Adverse health outcomes associated with long-term use of antidepressants


Antidepressants are among the most widely prescribed medications in the U.K. In 2018, more than 70 million antidepressants were prescribed. The marked increase in prescriptions (nearly doubling in 10 years) is largely due to long-term treatment rather than an increase in diagnoses. However, little is known about the health effects of long-term use of these medications.

Researchers at the University of Bristol’s Academic Centre for Mental Health aimed to determine whether long-term use of antidepressants (5 and 10 years or longer) is associated with the development of six health problems (diabetes, hypertension, coronary heart disease, stroke and related syndromes, and two mortality outcomes (death from cardiovascular disease and death from any cause)) The goal of the study was to determine the following

Using data from U.K. Biobank, a large biomedical database and research resource containing anonymized genetic, lifestyle, and health information on 500,000 British participants, the researchers linked comprehensive health data on 222,121 adults aged 40 to 69 years with prescription and disease data (GP records) were linked.

The researchers compared the risk of developing adverse health outcomes between those who had never taken antidepressants and those who had taken the most commonly prescribed antidepressants in England for 10 years. These antidepressants were categorized as selective serotonin reuptake inhibitors, known as SSRIs, such as citalopram, sertraline, fluoxetine, and paroxetine, and non-SSRI antidepressants such as mirtazapine, venlafaxine, duloxetine, and trazodone.

The researchers found that after preexisting risk factors were taken into account, long-term use of antidepressants was associated with an increased risk of coronary heart disease, cardiovascular disease, and death from any cause. Risk was higher for non-SSRI antidepressants (mirtazapine, venlafaxine, duloxetine, and trazodone), and use of such drugs was associated with a twofold increased risk of coronary heart disease, cardiovascular death, and all cause mortality at 10 years.

There is also evidence that antidepressants, particularly SSRIs, are associated with a reduced risk of developing hypertension and diabetes (23-32% risk reduction). The reasons for these seemingly paradoxical findings are unclear, and further research is needed to understand to what extent differences are due to the severity of the underlying depression or to differences in drug action.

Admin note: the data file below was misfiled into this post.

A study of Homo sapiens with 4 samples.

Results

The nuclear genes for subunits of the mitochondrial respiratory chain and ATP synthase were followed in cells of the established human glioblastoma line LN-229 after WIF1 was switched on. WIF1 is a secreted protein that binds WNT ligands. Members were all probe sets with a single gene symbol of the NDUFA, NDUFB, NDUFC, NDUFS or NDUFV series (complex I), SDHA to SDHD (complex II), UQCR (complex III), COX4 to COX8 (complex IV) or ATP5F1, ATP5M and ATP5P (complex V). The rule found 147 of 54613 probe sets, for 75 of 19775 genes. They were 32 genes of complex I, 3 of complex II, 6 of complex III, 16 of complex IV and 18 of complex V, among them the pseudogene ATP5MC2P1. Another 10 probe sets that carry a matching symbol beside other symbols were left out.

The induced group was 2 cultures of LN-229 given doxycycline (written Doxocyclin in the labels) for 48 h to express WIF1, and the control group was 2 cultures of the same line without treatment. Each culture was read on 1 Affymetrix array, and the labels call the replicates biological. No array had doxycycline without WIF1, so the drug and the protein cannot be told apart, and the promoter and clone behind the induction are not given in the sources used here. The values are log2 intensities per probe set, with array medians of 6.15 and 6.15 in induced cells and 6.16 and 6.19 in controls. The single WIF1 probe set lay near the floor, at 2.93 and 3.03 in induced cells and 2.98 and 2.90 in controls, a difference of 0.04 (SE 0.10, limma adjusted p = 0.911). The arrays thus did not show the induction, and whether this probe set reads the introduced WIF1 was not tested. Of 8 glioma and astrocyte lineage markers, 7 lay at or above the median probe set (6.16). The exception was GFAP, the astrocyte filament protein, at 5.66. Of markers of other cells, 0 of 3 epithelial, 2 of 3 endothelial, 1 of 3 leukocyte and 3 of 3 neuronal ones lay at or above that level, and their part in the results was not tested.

Dr. Narinder Bansal, lead author of the study and Honorary Research Fellow at the Academic Centre for Mental Health and Academic Primary Care in Bristol, said, “Although we considered a wide range of pre-existing risk factors for cardiovascular disease, including those associated with depression, such as overweight, smoking, and lack of exercise, It is difficult to fully control for the effects of depression in this type of study, as there can be considerable variability in the documentation of depression severity in primary care.

This is because “many individuals taking antidepressants such as mirtazapine, venlafaxine, duloxetine, and trazodone may have more severe depression. Thus, it is difficult to completely separate the effects of depression from the effects of medications. Further research is needed to assess whether the association seen here is truly drug-related and, if so, why.

The message for clinicians, however, is that long-term antidepressant prescribing is not always without harm. Hopefully, this study will help physicians and patients have a more informed conversation when weighing the potential risks and benefits of depression treatment. Regardless of whether antidepressants are the underlying cause of these problems, the findings underscore the importance of proactive cardiovascular monitoring and prevention in patients who develop depression and are taking antidepressants.

We recommend that anyone who has concerns about taking antidepressants for an extended period of time first consult with his or her physician before stopping taking them,” said Dr. Kurt Stein, a professor of medicine at the University of California, Berkeley. It is very important not to stop taking them abruptly.